This week in healthcare news, we look at a new, futuristic skin implant that changes color to mimic a skin mole if it detects rising calcium levels, a potential sign of cancer. Addressing the opioid crisis is again in the news, as is the rising cost of prescription drugs. And lastly, Cigna faces litigation that it enacted a cost-shifting scheme to divert administrative charges. This and more in the Innovation Partners BioBlog.
Overlap between two payment models, bundled payments and accountable care organizations (ACOs), need to be resolved, according to researchers. Medicare favors both alternative payment models but there is overlap between the two. Bundled payments deal directly with hospitalizations and post-acute care, whereas the MSSP rewards care quality and costs over an annual time frame.
A new implant could help detect skin cancer. The implant works by detecting rising levels of calcium in the body. Rising calcium levels trigger the production of melanin, the body’s tanning pigment, turning the implant into an artificial mole. Swiss scientists from the university ETH Zurich say the device can recognise the four most common types of cancer – prostate, lung, colon and breast cancer – at a very early stage of tumour development. The desire is to make early detection easy with the hope of enacting treatment plans swiftly once cancer is detected.
The White House stated that President Trump will deliver a speech on April 26th addressing the need to lower drug prices. Trump has called for making drugs more affordable. No new policies will be unveiled during the speech.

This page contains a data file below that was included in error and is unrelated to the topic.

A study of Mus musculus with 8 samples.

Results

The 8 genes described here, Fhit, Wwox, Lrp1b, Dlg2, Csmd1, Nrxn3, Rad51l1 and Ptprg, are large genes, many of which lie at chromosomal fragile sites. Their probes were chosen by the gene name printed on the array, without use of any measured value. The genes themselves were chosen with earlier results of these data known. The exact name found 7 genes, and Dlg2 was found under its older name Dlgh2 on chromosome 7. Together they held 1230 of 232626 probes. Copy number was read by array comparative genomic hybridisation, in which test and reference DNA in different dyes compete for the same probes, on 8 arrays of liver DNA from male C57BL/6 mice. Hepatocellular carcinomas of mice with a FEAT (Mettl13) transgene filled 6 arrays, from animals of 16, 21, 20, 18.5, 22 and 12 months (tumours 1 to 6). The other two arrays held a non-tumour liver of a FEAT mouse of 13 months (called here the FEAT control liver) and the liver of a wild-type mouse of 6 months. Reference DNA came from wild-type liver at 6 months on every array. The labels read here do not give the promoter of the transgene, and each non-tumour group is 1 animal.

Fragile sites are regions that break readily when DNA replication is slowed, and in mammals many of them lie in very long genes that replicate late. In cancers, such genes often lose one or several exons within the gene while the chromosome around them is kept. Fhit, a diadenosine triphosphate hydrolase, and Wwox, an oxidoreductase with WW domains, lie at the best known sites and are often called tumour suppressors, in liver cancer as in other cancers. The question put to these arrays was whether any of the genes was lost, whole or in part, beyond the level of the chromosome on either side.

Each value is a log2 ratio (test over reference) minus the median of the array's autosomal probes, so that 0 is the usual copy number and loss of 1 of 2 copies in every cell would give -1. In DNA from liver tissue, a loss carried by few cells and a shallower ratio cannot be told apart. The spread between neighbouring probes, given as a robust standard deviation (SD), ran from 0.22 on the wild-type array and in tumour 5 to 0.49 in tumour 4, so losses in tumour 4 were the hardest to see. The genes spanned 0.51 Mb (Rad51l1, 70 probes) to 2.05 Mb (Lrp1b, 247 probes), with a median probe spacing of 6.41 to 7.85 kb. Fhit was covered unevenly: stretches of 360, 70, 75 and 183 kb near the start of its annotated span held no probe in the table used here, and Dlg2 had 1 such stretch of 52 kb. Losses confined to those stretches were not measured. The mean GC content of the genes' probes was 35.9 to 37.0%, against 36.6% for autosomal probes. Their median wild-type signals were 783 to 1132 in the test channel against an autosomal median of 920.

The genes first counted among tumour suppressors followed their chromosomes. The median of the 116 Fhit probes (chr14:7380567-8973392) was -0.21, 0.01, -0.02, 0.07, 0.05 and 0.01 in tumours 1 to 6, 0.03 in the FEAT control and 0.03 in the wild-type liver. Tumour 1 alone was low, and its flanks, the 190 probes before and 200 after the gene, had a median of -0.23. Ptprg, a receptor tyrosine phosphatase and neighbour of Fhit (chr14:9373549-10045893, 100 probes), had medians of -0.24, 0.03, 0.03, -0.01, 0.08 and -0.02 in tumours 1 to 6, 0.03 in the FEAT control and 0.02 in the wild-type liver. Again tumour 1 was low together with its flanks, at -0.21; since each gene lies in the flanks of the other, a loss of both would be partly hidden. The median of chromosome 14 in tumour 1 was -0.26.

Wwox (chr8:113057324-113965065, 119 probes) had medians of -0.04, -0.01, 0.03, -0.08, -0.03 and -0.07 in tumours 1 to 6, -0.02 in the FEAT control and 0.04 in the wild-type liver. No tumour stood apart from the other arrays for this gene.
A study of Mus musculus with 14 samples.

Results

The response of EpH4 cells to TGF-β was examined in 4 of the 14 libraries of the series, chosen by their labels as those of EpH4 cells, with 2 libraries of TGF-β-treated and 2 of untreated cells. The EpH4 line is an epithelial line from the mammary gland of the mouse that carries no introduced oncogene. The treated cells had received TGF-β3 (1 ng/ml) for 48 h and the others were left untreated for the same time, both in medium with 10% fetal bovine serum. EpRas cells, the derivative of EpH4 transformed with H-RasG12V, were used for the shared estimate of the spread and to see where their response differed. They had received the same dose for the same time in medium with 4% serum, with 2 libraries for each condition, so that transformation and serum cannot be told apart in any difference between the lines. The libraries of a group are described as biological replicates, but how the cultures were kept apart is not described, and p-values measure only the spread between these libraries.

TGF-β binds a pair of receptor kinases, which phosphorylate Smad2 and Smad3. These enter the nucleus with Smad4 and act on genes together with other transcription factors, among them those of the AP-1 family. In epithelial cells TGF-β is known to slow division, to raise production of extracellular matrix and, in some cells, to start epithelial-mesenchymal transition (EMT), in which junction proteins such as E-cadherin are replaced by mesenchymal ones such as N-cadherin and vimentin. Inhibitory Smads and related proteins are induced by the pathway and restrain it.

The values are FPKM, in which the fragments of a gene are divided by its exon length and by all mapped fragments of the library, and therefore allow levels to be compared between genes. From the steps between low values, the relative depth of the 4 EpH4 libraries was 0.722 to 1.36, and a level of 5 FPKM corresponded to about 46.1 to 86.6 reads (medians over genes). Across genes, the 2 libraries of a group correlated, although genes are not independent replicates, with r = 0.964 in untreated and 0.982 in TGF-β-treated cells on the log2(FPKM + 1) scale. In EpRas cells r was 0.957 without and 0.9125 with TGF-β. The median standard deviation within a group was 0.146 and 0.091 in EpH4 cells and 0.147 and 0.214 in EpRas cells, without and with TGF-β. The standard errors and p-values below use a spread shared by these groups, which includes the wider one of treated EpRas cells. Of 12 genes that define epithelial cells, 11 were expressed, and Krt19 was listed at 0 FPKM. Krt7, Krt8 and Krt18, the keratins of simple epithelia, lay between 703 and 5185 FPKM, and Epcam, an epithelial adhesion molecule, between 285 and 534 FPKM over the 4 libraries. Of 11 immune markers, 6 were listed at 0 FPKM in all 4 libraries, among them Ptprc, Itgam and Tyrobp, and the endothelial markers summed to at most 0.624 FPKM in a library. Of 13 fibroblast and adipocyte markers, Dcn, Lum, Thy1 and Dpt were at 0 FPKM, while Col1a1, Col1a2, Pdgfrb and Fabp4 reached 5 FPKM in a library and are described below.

The DEA reached an agreement with 50 attorneys general this week to share information in an effort to support ongoing investigations into prescription drugs. Details of the data sharing agreement are murky, but the DEA will share data from its Automation of Reports and Consolidated Orders System (ARCOS), which collects 80 million prescription drug transactions from manufacturers and distributors each year.
The American Society of Addiction Medicine (ASAM) and the American Medical Association (AMA) announced today a collaborative value-based payment model for opioid addiction treatment. The announcement came today amidst discussions with Congress on how to manage the opioid addiction crisis. The organizations have said that medication-assisted treatment is underused. Limited insurance coverage, a shortage of qualified physicians and a lack of access to addiction specialists for many patients contribute to its under utilization.
Lobbyists for several cancer hospitals are urging Medicare officials to create a new set of payments for CAR-T treatments. The new treatments are expensive and use the body’s own immune cells to attack cancer. Two CAR-T treatments, Kymriah, made by Novartis and Yescarta, made by Gilead Sciences, are FDA approved.
Cigna faces a lawsuit alleging a cost-shifting scheme to divert administrative charges. The class-action lawsuit accuses Cigan of colluding with a claims administrator in a scheme that overcharged members. The lawsuit was filed last week in the United States District Court Eastern District of Pennsylvania by a Macy’s employee who was insured by Cigna. The complaint alleged that the insurer “misappropriates millions of dollars every year” from members by diverting administrative costs from vendors. The lawsuit also accused Cigna of falsifying Explanation of Benefits (EOB) forms to misrepresent charges from American Specialty Health, a company contracted by the insurer to process and administer healthcare claims and build provider networks, including chiropractors. Rather than paying for the administrative charges from ASH using plan fees and subscriber premiums, the complaint alleged Cigna disguises the charges as medical expenses. A Cigna spokesperson said they cannot comment on pending litigation.